Blue Whale Rising

Jan 22, 2022 | Fine Art, Wildlife, Portfolio

The Blue Whale Rising

We have all seen the pictures but few have had the opportunity to actually meet the leviathan of the sea. His size alone makes him one of natures most spectacular creatures. The blue whale is the largest animal on the planet, weighing as much as 200 tons (approximately 33 elephants). Their heart is size of a Volkswagen Beetle. Its stomach can hold one ton of krill and it needs to eat about four tons of krill each day.

There are other amazing facts that are specific to the species. The Blue Whale is the largest animal ever to have lived on earth. Despite being so massive, this giant of the ocean feeds on some of the smallest marine life – tiny shrimp like animals called krill. A single adult can consume 36,000 kg of krill a day. They are solitary animals and travel vast distances throughout the worlds oceans. There are different sub species that inhabit the oceans of the world.

They have loud, deep voices and can communicate with other whales hundreds of miles away. The sound they make can reach up to 188 decibels (anything over 120-130 is painful for humans). Only the sperm whale makes a louder sound.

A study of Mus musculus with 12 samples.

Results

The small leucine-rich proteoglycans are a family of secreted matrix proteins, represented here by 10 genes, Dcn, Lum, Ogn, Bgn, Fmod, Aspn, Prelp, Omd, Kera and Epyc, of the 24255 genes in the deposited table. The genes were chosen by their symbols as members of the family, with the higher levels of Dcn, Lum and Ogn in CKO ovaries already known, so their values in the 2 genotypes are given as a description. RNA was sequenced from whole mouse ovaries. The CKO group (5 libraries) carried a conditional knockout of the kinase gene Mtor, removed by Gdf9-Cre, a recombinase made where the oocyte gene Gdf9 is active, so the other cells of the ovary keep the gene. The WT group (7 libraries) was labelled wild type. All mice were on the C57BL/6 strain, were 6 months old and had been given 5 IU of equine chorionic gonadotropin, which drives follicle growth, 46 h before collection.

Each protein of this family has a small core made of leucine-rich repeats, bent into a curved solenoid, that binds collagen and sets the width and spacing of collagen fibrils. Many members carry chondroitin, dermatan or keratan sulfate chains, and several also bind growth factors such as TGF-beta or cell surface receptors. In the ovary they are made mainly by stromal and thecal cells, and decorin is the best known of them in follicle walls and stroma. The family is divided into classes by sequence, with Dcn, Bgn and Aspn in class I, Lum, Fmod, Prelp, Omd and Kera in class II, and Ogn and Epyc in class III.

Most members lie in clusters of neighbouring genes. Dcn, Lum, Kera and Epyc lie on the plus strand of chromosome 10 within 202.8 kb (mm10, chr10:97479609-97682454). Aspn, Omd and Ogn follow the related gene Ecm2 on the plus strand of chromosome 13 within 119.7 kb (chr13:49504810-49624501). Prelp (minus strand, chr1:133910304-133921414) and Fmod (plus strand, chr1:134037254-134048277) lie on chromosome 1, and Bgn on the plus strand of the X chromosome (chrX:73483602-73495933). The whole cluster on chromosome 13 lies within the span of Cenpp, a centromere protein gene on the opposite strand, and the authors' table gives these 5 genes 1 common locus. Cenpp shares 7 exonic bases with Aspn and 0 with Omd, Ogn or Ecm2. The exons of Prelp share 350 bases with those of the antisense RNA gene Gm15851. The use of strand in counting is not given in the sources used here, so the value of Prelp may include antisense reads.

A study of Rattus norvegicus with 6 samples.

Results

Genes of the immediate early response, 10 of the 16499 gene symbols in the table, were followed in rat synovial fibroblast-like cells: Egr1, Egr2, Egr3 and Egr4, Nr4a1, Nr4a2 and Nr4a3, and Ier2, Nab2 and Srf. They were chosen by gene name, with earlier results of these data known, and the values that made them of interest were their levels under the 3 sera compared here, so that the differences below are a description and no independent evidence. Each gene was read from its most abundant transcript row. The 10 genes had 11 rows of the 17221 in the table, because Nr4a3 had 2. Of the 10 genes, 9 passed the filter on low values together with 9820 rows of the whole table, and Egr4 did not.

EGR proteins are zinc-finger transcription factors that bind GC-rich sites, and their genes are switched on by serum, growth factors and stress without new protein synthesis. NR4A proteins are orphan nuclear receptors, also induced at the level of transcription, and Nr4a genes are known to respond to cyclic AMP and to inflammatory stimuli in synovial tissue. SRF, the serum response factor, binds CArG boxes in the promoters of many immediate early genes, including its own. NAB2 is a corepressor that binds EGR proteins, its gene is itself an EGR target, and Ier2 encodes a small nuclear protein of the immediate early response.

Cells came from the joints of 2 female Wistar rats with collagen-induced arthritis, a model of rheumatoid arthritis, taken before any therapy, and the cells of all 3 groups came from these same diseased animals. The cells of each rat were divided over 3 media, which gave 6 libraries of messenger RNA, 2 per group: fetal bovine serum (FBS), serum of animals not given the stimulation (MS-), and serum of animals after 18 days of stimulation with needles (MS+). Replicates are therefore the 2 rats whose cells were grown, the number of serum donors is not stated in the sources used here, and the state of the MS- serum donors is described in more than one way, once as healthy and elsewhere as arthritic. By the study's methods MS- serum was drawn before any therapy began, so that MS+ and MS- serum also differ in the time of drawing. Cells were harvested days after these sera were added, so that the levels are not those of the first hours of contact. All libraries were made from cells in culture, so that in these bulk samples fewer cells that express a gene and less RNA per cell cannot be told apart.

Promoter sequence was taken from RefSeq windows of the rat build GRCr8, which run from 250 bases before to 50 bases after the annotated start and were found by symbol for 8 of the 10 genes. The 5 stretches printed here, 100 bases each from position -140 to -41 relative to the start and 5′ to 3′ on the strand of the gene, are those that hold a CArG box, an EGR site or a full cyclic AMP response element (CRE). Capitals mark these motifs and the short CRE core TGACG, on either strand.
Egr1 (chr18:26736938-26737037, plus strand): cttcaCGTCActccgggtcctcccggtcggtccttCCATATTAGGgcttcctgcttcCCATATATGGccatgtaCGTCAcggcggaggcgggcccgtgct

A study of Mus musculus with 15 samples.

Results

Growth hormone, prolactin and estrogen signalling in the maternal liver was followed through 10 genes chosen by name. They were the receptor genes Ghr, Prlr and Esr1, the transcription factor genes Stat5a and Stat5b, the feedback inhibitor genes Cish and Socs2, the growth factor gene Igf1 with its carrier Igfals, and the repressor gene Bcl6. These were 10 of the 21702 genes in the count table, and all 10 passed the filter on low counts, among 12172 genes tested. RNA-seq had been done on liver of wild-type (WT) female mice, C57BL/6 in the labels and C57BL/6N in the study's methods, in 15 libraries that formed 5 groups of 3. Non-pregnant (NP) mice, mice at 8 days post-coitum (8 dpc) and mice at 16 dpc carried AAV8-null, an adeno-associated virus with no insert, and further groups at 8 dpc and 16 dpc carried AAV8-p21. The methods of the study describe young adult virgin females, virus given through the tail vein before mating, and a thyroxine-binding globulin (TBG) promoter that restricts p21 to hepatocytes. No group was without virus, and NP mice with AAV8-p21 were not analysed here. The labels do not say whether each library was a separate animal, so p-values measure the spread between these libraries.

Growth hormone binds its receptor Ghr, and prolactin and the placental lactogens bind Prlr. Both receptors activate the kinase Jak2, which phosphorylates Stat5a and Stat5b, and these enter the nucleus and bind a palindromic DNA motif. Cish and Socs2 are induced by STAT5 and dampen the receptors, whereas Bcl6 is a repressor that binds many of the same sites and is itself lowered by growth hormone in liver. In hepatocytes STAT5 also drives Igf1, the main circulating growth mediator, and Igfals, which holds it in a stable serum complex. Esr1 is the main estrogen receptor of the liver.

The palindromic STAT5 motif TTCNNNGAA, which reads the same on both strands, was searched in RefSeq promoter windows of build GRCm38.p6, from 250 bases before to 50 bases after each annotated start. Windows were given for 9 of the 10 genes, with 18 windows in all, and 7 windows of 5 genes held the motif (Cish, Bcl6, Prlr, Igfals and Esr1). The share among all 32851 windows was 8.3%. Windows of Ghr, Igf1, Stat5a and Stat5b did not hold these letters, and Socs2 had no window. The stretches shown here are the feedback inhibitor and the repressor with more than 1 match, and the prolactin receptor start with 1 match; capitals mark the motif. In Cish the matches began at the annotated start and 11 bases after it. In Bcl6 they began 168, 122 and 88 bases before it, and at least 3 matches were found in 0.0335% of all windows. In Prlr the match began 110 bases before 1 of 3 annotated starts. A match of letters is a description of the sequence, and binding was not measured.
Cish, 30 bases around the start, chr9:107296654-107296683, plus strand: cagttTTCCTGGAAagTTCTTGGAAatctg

A rather solitary animal who’s only close bond is between mother and calf. The blue whale is found alone or in small groups in all oceans, but populations in the Southern Hemisphere are much larger. In the Northern Hemisphere, blue whales can be seen regularly in the Gulf of St. Lawrence and off the coasts of Monterey California and Baja California Mexico. They spend the summer in polar waters, feeding. During a dive, the blue whale may engage in a series of turns and 360° rolls to locate prey and rapidly reorient its body to sweep up large concentrations of krill in a single open-mouthed lunge.

In the winter blue whales move toward the Equator to breed. After a gestation of about 12 months, one calf about 8 meters (about 26 feet) long is born in temperate waters. While nursing, calves gain up to 90 kg (about 198 pounds) per day on the rich milk of their mothers. Young are weaned after seven to eight months, when they have reached a length of about 15 metres (about 49 feet).
Once the most important of the commercially hunted baleen whales, the blue whale was greatly reduced in numbers during the first half of the 20th century. In the 1930–31 season alone the worldwide kill of blue whales exceeded 29,000. The species has been protected from commercial whaling since the mid-1960s. Populations of blue whales appear to be recovering and are estimated worldwide at between 10,000 and 25,000 animals. However, the International Union for Conservation of Nature still lists the blue whale as an endangered species.